This action is more commonly seen from short covering. GSS has one of the higher short ratios among the miners, and has likely been a running gift to shorters for a few years. It looks as if a number of players have concluded that bankruptcy (pps - $0) is not going to occur after all, and they are exiting (likely still at a very good profit).
This phase will be a back and forth between old shorts looking to buy, and new shorty arrivals selling to them, as most GSS longs won't be playing the in-and-out game. As the phase progresses, the mix of old-term shorts declines and new-term shorts increases; the new comers have a lot less tolerance for pps increases.
A future phase, assuming the pm bull is in fact stirring, will bring actual new long buyers, and a different kind of price rise. (IMHO, current action is enjoyable, but still early game action).
Pretty easy to show that regulation hasn't been working, therefore even more regulation isn't the answer.
How about a competing exchange, one where short selling is simply forbidden; can't sell what you don't own? Then the answer is simple competitive capitalism: company's can agree to have their shares listed/traded on exchanges where short selling is supported or on exchanges where it isn't.
Just a few tax rule reminders for the dreamers:
1. GGN produces distributions (not dividends) classified as Return Of Capital (ROC).
2. ROC reduces your cost basis (buy a share for $10, get $2 in ROC back over time, and your cost basis when you sell it will be $8).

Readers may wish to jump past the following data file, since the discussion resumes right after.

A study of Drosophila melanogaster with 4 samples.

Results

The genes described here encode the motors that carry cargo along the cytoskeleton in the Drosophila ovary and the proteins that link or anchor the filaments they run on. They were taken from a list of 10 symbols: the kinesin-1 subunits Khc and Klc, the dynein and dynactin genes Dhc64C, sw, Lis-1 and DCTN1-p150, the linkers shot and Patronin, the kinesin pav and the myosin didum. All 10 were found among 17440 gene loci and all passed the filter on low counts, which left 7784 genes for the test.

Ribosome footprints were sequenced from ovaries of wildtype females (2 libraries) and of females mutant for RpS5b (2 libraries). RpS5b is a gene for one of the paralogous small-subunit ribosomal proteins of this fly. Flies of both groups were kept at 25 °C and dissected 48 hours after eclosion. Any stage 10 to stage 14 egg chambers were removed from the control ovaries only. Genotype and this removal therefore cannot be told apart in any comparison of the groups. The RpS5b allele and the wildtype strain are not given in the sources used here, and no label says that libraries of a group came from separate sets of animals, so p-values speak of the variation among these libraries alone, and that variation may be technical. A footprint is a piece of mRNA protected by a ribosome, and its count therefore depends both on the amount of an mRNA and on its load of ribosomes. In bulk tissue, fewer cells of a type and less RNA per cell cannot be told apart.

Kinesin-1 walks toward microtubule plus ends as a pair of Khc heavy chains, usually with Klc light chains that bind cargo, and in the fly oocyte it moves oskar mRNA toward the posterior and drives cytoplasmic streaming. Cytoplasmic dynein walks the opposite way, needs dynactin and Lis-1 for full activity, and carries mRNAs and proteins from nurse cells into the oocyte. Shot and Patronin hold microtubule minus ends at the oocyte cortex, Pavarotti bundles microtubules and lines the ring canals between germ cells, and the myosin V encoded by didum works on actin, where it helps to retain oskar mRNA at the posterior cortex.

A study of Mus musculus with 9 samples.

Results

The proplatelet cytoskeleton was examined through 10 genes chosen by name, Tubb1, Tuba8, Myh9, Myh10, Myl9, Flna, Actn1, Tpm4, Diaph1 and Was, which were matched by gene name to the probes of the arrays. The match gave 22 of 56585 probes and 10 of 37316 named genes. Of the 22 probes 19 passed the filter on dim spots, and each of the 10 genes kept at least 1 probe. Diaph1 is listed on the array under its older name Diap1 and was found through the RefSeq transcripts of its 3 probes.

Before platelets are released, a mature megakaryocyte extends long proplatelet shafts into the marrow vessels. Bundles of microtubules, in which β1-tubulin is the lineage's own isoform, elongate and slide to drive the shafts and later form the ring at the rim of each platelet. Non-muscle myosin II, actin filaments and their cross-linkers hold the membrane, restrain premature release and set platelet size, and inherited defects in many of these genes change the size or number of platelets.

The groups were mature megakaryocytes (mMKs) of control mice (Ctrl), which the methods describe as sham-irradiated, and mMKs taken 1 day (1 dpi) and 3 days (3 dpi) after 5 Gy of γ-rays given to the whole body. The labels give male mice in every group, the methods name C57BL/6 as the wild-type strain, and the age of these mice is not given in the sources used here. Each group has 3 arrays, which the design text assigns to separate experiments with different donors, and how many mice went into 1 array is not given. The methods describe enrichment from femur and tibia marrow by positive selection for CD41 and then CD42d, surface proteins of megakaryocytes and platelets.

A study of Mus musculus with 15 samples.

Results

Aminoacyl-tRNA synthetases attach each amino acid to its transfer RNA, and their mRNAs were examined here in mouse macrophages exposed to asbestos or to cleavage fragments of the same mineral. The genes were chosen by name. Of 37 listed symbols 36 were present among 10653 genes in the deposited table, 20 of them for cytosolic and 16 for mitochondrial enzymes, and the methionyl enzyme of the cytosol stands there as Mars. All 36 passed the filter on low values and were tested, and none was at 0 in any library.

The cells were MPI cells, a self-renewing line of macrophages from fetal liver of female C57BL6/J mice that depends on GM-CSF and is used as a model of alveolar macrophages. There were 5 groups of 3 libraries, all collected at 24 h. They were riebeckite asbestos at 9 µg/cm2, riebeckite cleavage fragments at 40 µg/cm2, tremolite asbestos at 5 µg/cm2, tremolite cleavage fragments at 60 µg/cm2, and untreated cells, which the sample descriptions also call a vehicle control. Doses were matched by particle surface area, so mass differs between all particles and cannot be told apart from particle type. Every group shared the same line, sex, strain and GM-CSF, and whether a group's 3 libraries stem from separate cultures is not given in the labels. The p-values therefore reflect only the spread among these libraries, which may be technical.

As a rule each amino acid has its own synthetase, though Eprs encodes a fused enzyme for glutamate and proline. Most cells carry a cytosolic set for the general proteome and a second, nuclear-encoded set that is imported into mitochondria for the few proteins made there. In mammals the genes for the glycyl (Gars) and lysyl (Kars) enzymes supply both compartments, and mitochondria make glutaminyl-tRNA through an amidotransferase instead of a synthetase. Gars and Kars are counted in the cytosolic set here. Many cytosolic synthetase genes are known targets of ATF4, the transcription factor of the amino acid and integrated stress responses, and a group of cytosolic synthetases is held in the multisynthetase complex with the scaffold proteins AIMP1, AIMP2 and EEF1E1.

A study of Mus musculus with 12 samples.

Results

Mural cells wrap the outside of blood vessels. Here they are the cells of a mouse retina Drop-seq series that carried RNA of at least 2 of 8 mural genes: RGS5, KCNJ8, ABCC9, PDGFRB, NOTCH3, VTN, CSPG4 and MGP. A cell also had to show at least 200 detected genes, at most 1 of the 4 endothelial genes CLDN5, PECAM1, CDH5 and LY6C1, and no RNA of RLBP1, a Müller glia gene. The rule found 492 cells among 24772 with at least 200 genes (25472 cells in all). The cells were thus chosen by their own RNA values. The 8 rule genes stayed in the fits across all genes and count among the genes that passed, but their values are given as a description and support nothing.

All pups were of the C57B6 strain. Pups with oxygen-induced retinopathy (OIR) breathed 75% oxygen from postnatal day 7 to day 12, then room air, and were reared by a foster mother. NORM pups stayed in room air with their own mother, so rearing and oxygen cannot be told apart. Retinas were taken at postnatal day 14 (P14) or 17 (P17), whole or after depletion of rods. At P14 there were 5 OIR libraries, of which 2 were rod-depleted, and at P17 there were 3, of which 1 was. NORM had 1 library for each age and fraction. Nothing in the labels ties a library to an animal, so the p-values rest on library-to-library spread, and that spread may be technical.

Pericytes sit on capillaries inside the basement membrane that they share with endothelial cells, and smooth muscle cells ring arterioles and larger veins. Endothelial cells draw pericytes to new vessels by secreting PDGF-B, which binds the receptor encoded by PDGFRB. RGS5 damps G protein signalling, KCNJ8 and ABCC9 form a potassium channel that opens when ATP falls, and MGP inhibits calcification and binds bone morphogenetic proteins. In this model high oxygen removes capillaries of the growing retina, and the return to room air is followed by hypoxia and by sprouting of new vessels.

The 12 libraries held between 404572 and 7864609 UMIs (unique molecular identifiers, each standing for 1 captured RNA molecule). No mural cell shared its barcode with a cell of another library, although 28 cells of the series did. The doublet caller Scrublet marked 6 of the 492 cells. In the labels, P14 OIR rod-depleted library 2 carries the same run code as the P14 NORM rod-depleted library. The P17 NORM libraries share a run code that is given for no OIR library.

3. You pay capital gains on any gain when you sell shares; either short term (your income tax rate) if held for less than a year, or 15% to 20% (depends upon your tax bracket) long term capital gains if the shares sold were owned longer than a year.
4. Should your investment end up producing ROC equal to the entirety of your invested dollars, the ROC begins to be treated as income (cost basis cannot go below $0), and is subject to your income tax bracket. Further, if you sell shares with a $0 cost basis, the entire proceeds are further subject to capital gains.
Although this fund is a closed end fund, its rules allow the managers to both buy (retire) and sell (issue) shares as they see fit. When silly premiums are present, a great deal of what keeps things going is new investors being sold shares at double the cost of actual underlying assets.
Look into the semi annual and annual reports, and you'll find that PGP has a constantly growing share count, and that the plot of shares outstanding over time has humps in it whenever there is a high premium.
Point being, a quick assessment of out-of-wack may be overlooking the underlying facts that the world at large is gasping for funds that pay, will pay double the cost of NAV, and the fund managers have found a fairly sustainable way to milk that into survival in an ongoing fashion.